Connecticut Lawmakers Face Competing Legal Claims Over Commercial Gaming | Connecticut Public Radio

Connecticut Lawmakers Face Competing Legal Claims Over Commercial Gaming

Mar 10, 2017

Lawmakers are struggling with the legal risks the state may encounter in giving its blessing to a third casino in the state. The legislature’s Public Safety Committee heard more than nine hours of testimony in a public hearing Thursday, the majority of it on two bills which would open up commercial gaming in the state in different ways. 

A partnership of the state’s two Indian tribes wants to build a casino in East Windsor, off reservation land. But rival gaming interests, including MGM International, say the state should open up the opportunity to outside bids.

At issue is whether either proposition would endanger the gaming compact the tribes already have with the state. That’s the agreement that sees 25 percent of all slots revenues from Mohegan Sun and Foxwoods Resort Casino given to the state’s General Fund.

Former Secretary of the Interior Ken Salazar wrote a letter last week to Governor Dannel Malloy warning that the agreement could be at risk, because his old department might not approve the necessary amendments proposed by the tribes.

But Salazar was writing in his capacity as a consultant to MGM, and Mohegan Tribal Chairman Kevin Brown dismissed the idea in his testimony before the committee.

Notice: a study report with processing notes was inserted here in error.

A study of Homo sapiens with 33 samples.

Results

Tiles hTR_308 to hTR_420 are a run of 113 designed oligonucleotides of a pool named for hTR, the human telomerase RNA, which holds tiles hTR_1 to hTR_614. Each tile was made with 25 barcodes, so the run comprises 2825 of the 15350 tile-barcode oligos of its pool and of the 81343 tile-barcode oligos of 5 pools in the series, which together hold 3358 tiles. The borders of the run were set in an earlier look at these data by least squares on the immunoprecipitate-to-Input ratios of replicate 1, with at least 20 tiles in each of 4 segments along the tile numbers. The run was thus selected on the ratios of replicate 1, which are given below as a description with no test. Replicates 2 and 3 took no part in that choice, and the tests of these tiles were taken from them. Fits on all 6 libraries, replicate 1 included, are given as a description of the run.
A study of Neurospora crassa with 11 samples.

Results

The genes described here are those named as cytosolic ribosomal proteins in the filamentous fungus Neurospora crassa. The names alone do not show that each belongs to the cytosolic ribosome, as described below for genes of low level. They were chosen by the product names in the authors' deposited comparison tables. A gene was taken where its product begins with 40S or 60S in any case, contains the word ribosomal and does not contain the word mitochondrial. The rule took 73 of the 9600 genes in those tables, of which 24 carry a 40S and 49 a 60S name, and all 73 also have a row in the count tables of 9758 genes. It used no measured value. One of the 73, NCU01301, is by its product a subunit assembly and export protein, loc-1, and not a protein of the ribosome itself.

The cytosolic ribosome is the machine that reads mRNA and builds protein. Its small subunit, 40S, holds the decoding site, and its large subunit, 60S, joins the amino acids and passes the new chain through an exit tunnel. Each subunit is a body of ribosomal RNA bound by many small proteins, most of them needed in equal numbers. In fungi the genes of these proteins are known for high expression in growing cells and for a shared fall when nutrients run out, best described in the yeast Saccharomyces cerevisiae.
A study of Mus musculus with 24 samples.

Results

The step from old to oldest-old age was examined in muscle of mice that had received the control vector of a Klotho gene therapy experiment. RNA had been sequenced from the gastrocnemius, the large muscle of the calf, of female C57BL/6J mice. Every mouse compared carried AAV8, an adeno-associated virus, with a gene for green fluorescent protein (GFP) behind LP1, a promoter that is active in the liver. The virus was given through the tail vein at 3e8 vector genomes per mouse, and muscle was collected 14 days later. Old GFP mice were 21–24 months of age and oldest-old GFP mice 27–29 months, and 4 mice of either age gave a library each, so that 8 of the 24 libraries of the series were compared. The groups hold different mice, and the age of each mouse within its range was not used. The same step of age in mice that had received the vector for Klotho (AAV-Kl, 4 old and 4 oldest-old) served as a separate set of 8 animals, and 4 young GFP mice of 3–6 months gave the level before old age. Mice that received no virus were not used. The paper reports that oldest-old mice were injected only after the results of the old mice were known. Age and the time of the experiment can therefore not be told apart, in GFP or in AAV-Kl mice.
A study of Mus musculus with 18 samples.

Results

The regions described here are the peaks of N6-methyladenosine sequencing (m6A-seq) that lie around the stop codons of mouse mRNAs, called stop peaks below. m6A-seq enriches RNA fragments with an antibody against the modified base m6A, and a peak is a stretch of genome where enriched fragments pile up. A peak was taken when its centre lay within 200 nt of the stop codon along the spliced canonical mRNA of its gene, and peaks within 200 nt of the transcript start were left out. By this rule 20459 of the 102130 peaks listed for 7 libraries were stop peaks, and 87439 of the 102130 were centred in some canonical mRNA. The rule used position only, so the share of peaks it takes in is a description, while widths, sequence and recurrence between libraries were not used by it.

“While I greatly respect his work as the Secretary of Interior, and his opinion, I would humbly submit that Mr Salazar probably never reviewed one gaming compact himself,” Salazar said.

The tribes produced their own expert witness, George Skibine, who also worked for the Department of the Interior, in the Office of Indian Gaming.

“When we review compacts, or compact amendments -- we review the amendment. We do not ever go and undermine the previous approval that was given on a compact,” he said. “You have hundreds of tribes with compacts. It would totally destabilize Indian gaming.”

The tribes say the real danger to the compact would come from opening commercial gaming to a bidding process, inviting outside companies to compete. If that were to happen, they said, they would regard the compact as at an end, and payments to the state would stop.

But MGM’s legal counsel, Uri Clinton, wants to see the legislature approve a competing bill that would allow his company to bid, and he disagrees with the tribes’ assessment.

"Have your beauty show," he told lawmakers. "Make all of the world class operators, including the tribes, come and make their presentation."

Representative Daniel Rovero said he believes the committee needs its own legal expert. “I’m really confused,” he confessed. “I mean, they say if we go out for open bid, it opens the compact. You being an attorney, you’re saying that it doesn’t. And I’m sitting here saying, what is the truth? But at this point I don’t feel comfortable making the decision strictly on my own.”

The tribes are warning that the state will lose thousands of jobs and revenue if it doesn’t respond to increased casino competition in Massachusetts, including MGM's Springfield casino, currently under construction.